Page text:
GE 'caution' submissions ignored

Submissions opposing GE release were either blocked or ignored by the select committee considering the latest GE Bill, Green Co-Leader Jeanette Fitzsimons says today.

And the short timeframe for considering the bill meant the committee did not seriously engage with the strong scientific submissions received, urging caution on GE.

In a speech to the House, scheduled for this evening during the second reading of the New Organisms and Other Matters Bill, Ms Fitzsimons says the select committee process was a charade. "I felt embarrassed by being part of it, even as a non-voting member.

"Rigid rules were set that submissions that arrived after the due date were rejected without any attempt even to find out if they had arrived at Parliament but not at the select committee office. Submissions which did not have 20 copies were rejected."

And while the education and science committee spent several days listening to the remaining submissions, of which there were many, only one meeting was set down to consider all the issues raised. "I managed to get that extended to two, but that was still totally inadequate to consider the serious and well researched submissions," Ms Fitzsimons says.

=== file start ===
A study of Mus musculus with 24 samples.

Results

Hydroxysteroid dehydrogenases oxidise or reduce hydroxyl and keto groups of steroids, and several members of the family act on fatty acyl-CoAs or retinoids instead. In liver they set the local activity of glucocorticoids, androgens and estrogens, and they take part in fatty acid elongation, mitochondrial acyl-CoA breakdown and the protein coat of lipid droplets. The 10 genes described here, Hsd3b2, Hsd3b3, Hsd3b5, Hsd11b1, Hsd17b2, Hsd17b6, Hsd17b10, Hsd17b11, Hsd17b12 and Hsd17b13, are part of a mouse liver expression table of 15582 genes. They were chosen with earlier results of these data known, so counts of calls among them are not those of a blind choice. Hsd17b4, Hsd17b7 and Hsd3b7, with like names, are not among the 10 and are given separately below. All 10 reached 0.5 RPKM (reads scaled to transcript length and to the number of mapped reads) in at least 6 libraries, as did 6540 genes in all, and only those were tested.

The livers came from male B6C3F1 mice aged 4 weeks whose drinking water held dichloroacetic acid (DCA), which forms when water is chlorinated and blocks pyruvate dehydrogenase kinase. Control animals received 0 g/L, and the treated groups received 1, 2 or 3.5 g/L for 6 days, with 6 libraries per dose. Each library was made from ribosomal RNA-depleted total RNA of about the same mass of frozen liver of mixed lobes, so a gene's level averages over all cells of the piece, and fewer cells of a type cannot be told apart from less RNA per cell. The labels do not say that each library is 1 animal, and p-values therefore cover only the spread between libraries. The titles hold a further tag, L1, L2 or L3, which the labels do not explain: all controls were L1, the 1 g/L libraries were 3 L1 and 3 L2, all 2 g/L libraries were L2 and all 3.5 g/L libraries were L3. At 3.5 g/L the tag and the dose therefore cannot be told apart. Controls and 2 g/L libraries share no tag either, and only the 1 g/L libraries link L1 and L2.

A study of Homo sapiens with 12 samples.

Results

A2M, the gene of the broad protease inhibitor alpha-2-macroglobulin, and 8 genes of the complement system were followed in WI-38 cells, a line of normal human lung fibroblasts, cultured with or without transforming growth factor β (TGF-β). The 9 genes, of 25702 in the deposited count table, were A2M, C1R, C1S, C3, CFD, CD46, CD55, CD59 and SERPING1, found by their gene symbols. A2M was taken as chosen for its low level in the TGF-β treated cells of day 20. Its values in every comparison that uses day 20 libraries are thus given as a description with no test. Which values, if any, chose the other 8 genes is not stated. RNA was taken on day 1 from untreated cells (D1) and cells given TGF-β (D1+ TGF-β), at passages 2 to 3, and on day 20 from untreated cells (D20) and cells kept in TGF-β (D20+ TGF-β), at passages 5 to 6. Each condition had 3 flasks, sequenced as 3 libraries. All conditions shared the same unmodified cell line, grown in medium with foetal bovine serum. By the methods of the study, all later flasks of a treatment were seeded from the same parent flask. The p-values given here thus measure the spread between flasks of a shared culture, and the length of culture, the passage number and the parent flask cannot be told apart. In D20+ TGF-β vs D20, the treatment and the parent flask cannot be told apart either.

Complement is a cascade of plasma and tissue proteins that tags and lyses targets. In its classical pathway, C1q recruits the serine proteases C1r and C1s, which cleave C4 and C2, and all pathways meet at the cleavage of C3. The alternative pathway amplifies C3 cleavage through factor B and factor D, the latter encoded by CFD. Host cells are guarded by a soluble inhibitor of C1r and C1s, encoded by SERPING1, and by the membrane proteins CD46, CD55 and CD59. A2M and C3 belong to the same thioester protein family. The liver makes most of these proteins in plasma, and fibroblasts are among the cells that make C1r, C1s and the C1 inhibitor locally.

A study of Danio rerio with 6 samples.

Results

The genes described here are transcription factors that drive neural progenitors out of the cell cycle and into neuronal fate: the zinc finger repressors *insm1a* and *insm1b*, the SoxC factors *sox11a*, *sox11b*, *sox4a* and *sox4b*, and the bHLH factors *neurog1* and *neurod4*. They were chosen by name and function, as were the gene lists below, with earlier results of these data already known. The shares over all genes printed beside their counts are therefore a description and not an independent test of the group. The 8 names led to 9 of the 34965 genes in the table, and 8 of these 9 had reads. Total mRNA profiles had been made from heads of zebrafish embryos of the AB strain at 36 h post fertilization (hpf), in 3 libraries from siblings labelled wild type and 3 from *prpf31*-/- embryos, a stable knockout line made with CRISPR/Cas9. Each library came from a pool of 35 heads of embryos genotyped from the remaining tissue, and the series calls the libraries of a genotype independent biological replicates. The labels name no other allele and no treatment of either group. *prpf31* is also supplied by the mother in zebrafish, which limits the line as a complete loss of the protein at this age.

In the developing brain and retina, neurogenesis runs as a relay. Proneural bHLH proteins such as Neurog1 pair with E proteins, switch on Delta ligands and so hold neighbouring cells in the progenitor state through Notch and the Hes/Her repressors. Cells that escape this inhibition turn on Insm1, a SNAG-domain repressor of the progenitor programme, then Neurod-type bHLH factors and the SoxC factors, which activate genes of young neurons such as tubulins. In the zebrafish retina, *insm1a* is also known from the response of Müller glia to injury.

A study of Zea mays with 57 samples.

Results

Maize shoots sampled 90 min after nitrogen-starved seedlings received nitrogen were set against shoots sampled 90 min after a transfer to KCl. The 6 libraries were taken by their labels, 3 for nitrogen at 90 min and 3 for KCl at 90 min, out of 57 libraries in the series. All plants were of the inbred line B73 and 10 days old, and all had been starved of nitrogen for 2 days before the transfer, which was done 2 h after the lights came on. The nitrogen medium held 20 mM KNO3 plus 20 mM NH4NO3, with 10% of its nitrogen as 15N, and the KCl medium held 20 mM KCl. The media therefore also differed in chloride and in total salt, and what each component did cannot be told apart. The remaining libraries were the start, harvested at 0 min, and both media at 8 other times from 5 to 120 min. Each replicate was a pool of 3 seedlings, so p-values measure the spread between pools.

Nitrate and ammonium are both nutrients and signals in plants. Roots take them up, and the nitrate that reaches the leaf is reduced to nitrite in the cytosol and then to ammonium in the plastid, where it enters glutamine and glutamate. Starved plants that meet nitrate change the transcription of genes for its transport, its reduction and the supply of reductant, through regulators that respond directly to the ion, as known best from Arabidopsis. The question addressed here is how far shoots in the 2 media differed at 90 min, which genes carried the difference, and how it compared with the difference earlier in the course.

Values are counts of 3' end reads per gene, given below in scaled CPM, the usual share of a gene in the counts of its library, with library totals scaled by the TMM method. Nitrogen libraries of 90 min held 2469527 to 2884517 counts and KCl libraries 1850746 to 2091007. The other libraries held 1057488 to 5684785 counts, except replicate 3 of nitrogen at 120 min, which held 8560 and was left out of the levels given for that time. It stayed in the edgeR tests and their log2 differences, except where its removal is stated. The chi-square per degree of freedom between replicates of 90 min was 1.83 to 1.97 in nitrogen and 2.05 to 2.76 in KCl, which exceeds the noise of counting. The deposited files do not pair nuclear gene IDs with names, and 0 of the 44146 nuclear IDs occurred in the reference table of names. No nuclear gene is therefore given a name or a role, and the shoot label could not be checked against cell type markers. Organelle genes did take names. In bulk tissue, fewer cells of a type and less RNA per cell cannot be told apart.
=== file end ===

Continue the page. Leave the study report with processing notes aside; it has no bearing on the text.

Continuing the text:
The committee never engaged with the scientific issues raised by a number of experts, like University of California geneticist Professor David Williams, and Professor Dave Schubert from the Salk Institute in California, who warned of serious flaws in our understanding of genetic science. Their warnings mean it is not safe to allow these new organisms outside a contained lab.

"I hope the Government will never again try to claim that its policies on GE are science-based when they have so blatantly ignored the views of so many qualified scientists," Ms Fitzsimons says.

The committee also did not take any notice of big food producers like Zespri and Enza, which said their markets do not want GE food; fast-growing niche marketing producers who have built their business and profits on New Zealand's GE-free reputation; or local authorities, who want clarity around their legal rights and responsibilities in relation to GE, and a voice on what is allowed in their communities.

"So the bill is back in the House, hardly changed at all in spite of the many days of hearings and the quality of the evidence presented," Ms Fitzsimons says. Tonight, she will warn fellow MPs that if they vote for this bill, they will be personally responsible for the release of GE crops, animals and micro-organisms into the environment - not only against the wishes of the vast majority of submitters but also against the clearly expressed will of 68 per cent of the public.